Teri Orr: “Teach your children well…”
The Vietnam war was my era, and Civil Rights and civil disobedience. I was such a good girl for such a long time. Raised by wolves — actually just Republicans — I was polite and eager to please. Until I wasn’t. In my senior year in high school, my all-white school was integrated. It happened by busing black students from 10 miles away into our school. I was a member of a service club that “built spirit.”
I remember the day I was asked to help a new student learn our campus. He was a black football player, and my boyfriend (later my husband) was the captain of the football team. It was the first day of integration for our school.
I met Franklin at the bus. Led him to his first period class and was waiting outside the door when the bell rang to show him the lunchroom. At some point — news people appeared to record all this in my San Francisco suburban town.
At the end of football practice no one had considered Franklin would have no bus to take home — it had left hours before. I offered him a ride. I had my black Ford Falcon with no restrictions on where I could drive. He kept saying “Are you sure you wanna do that?” And it just seemed like my hospitality should extend to getting him home. I had never driven to his high school — Ravenswood — before. We made small talk about his first day and when he guided me to his neighborhood he suggested corners where I could drop him. I just kept driving until we reached his home. He got out of the car, thanked me and told me to lock all my doors and drive straight out of there.
The next night the local weekly paper came out and my mother was furious — I was on the front page — with Franklin — showing him the campus. She used all of those words I taught my own children years later were words we NEVER used. And she told me how embarrassed she was — what a disappointment I was to her. I didn’t tell her the fact she was involved in her fourth divorce and was sleeping with the married mayor embarrassed me.
I left for college months later to Colorado — where I was involved with other polite white girls in a civil rights march on campus. I transferred from that school after only one semester. I was engaged now so I headed to the University of Nevada to be with my fiancé. Protests about the war in Vietnam were growing. I was planning my wedding. And I was taking a graduate level poetry class. It was a mistake — everyone else was older and smarter. A hiccup in the schedule had put me there. I asked if I could stay. The professor was a cerebral, long-haired guy, at the end of his tenure — he didn’t care as long as I did the work.
And I did because everything happening in that class was relevant. Those folks — and now me — were writing mostly very bad poems but about issues of the day. Kent State happened at the end of the semester — students in Ohio were shot and killed on a campus in the middle of the day for protesting the war in Vietnam. They had in no way threatened the National Guardsmen who showed up and fired into the crowd.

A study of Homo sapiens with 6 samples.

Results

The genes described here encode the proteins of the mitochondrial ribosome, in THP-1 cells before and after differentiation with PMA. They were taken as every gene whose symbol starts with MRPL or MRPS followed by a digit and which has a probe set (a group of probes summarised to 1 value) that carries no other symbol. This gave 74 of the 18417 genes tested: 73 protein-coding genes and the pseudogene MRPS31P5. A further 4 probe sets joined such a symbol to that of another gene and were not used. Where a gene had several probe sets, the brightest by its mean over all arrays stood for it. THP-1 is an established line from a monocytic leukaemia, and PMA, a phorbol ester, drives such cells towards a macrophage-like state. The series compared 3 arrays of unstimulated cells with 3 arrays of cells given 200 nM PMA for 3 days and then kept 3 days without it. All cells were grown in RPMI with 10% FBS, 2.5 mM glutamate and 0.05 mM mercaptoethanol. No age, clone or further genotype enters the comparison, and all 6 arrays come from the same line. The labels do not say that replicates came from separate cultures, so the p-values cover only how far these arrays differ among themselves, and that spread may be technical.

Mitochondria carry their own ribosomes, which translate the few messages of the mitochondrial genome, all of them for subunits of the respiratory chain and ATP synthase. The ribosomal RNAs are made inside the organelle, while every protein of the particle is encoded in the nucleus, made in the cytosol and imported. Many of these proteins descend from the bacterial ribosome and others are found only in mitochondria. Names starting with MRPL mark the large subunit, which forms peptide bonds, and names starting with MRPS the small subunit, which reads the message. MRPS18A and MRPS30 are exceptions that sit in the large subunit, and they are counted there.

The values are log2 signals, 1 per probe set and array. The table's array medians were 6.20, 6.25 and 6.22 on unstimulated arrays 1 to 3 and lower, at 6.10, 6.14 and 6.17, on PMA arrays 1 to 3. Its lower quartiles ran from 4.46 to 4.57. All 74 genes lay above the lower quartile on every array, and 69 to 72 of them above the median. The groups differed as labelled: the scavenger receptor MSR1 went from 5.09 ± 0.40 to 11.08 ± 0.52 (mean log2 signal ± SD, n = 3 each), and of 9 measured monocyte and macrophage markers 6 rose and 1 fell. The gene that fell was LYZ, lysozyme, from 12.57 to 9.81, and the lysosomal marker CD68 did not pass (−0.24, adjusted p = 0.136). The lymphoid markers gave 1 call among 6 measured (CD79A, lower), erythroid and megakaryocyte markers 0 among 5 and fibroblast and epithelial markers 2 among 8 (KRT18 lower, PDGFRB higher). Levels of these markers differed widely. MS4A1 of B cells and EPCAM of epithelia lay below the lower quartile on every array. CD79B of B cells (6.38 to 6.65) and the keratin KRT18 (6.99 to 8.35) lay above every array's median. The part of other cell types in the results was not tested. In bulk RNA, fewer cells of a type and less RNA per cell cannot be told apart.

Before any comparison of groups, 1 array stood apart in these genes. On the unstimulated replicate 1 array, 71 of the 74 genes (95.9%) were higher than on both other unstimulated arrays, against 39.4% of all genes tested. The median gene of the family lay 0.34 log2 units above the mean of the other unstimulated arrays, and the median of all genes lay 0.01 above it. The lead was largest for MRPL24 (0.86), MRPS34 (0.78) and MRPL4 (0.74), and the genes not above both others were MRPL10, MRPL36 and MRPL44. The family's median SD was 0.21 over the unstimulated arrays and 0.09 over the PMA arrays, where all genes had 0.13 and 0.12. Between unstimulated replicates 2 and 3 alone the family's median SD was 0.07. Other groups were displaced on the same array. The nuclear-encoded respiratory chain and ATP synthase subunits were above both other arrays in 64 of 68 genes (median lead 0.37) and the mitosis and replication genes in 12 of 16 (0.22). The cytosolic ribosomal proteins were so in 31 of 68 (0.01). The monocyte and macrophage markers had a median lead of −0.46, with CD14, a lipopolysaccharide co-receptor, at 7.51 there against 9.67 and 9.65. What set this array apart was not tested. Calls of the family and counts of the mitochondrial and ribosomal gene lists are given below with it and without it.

Days later I was getting ready to join my poetry teacher lead a march on the football field to protest the shootings. We had been told any teacher participating would be fired and students ran the risk of having their grades for the semester erased. I decided not to tell my fiancé I was marching. As I got ready to leave my dorm room the phone rang. There was no caller ID then. Or recording machine. I picked up the call. It was my estranged mother, wanting to talk about the wedding I was paying for. I told her we could talk later — I was leaving for an event. She said she thought classes had been canceled. I said I was attending a rally in support of the students who had been killed at Kent State. What she said next changed everything. “Those kids deserved to die. And If you weren’t in class where you belonged, I would hope the same thing would have happened to you.” I hung up.
I walked down to the football field and joined my long-haired professor. The school took pictures of us so they could accurately erase our grades. My fiancé was on the field for spring practice. He looked away when he saw me.
They released our grades eventually and I got an A in that class. Honestly, I think all of us who marched got A’s. The professor was fired — he didn’t care. My fiancé told me to never do anything that dumb again. And for years I didn’t. But I also didn’t forget. When I got divorced with two small children — six and half years later — after six years of being abused, I started writing again.
So I have been watching the news this week with much heartbreak and much pride. I don’t know if this actually is the Age of Aquarius (in astrological terms) if these are Indigo children (in psycho babble terms) or if these are a tribe of superhumans emerged. Their origin doesn’t matter. They are fearless — frank speaking — no crap taking — fluid of gender — missing predictable bias and wanting a world of fierce equality — young humans.
As former President Obama said, “We have been waiting for you. And we’ve got your backs.” Hearing those words I hope inspires them even more. Because the haters are always there — sometimes in your own family. Sometimes all it takes is a long-haired professor who believes in you or a former president of a once-great country to praise you — to have those words inspire you for a lifetime. Let’s make certain all the young people hear from us how proud we are of their bravery to speak truth to power. Tell them any day — even Sunday in the Park.
Teri Orr is a former editor of The Park Record. She is the director of the Park City Institute, which provides programming for the George S. and Dolores Doré Eccles Center for the Performing Arts.